How to Eliminate Flies From Indoor Jasmine Plants
Flies are a nuisance, especially indoors. If you have flies infesting your jasmine plants, you most likely have fungus flies. However, other kinds of flies, including the common housefly and fruit fly, may be the culprits. Whatever kind of flies you have infesting your beautiful and fragrant jasmines, you have several methods from which to choose to control, prevent and eliminate them. If you try one method without success, try another.
Stop overwatering your jasmine plants, if applicable. The soil should be moist, not soggy. In addition, dump out any excess water that drains into the container under your plant. Standing water and soggy soil can attract flies, especially fungus flies.
- Flies are a nuisance, especially indoors.
- Whatever kind of flies you have infesting your beautiful and fragrant jasmines, you have several methods from which to choose to control, prevent and eliminate them.
Remove any rotting debris at the base of your plant. This may be a breeding ground for flies. Also, change out the soil. Take the plant outdoors and take it out of the pot. Gently shake off the soil and start over with fresh new potting soil.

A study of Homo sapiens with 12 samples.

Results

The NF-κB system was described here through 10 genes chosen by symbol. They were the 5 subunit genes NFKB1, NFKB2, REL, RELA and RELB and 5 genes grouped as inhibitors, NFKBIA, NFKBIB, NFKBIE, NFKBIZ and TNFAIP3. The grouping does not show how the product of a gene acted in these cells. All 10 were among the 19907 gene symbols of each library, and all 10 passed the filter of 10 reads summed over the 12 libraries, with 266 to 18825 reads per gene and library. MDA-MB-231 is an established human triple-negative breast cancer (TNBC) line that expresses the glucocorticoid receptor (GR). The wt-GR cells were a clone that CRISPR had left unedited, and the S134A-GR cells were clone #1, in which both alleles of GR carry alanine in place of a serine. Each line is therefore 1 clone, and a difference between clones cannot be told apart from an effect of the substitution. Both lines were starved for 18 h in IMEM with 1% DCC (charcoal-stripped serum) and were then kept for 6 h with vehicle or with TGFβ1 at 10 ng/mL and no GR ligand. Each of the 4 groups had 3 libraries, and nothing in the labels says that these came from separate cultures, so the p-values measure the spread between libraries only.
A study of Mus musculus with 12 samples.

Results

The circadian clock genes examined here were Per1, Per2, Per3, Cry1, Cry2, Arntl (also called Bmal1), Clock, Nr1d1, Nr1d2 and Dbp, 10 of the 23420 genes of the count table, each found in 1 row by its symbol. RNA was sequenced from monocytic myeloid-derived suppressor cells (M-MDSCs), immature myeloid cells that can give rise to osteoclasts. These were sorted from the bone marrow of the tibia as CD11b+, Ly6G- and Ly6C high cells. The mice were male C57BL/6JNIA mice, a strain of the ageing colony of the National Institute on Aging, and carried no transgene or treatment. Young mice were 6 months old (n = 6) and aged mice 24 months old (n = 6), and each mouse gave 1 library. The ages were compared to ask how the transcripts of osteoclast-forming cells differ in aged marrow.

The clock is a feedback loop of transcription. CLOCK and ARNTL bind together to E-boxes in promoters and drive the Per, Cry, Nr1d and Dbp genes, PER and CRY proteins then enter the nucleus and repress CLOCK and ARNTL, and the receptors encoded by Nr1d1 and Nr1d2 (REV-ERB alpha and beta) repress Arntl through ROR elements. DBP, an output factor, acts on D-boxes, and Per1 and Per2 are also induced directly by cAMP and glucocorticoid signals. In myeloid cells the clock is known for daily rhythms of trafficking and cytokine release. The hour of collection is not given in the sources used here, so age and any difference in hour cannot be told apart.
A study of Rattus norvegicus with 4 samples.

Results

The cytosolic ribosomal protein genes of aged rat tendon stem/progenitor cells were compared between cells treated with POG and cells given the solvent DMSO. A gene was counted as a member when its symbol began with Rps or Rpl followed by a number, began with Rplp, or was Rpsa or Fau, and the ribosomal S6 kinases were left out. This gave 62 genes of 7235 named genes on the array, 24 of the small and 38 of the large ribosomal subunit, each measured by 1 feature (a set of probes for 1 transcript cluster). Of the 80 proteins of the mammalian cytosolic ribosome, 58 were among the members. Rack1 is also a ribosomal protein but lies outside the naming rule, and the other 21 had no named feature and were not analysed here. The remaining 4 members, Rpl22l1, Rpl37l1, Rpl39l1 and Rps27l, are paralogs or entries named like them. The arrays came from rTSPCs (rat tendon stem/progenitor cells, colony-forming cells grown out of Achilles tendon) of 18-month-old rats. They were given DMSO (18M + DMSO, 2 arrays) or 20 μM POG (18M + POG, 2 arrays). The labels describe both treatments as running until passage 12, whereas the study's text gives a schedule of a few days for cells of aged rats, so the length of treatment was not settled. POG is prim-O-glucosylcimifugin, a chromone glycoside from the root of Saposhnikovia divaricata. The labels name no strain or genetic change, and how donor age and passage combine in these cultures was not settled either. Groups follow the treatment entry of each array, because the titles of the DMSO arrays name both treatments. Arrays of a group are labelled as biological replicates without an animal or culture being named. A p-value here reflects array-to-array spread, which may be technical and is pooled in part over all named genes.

Apply an insecticide that contains pyrethrins, israelensis or resmethrin every two to three days for about a month. This should eliminate the flies from your jasmine plants.
- Remove any rotting debris at the base of your plant.
- Take the plant outdoors and take it out of the pot.
Place flytraps near the plants. Hanging sticky flytraps near your jasmine may help get rid of common houseflies. If you have fruit flies, create your own trap by filling a small cup with about a half a cup of beer or apple cider vinegar. Then, tightly place plastic wrap over the top of the cup and secure it with a rubber band. Slit a small hole in the plastic so the smell will lure in the flies. They will have a difficult time getting out and will die in the cup.
Melissa Lewis is a former elementary classroom teacher and media specialist. She has also written for various online publications. Lewis holds a Bachelor of Arts in psychology from the University of Maryland Baltimore County.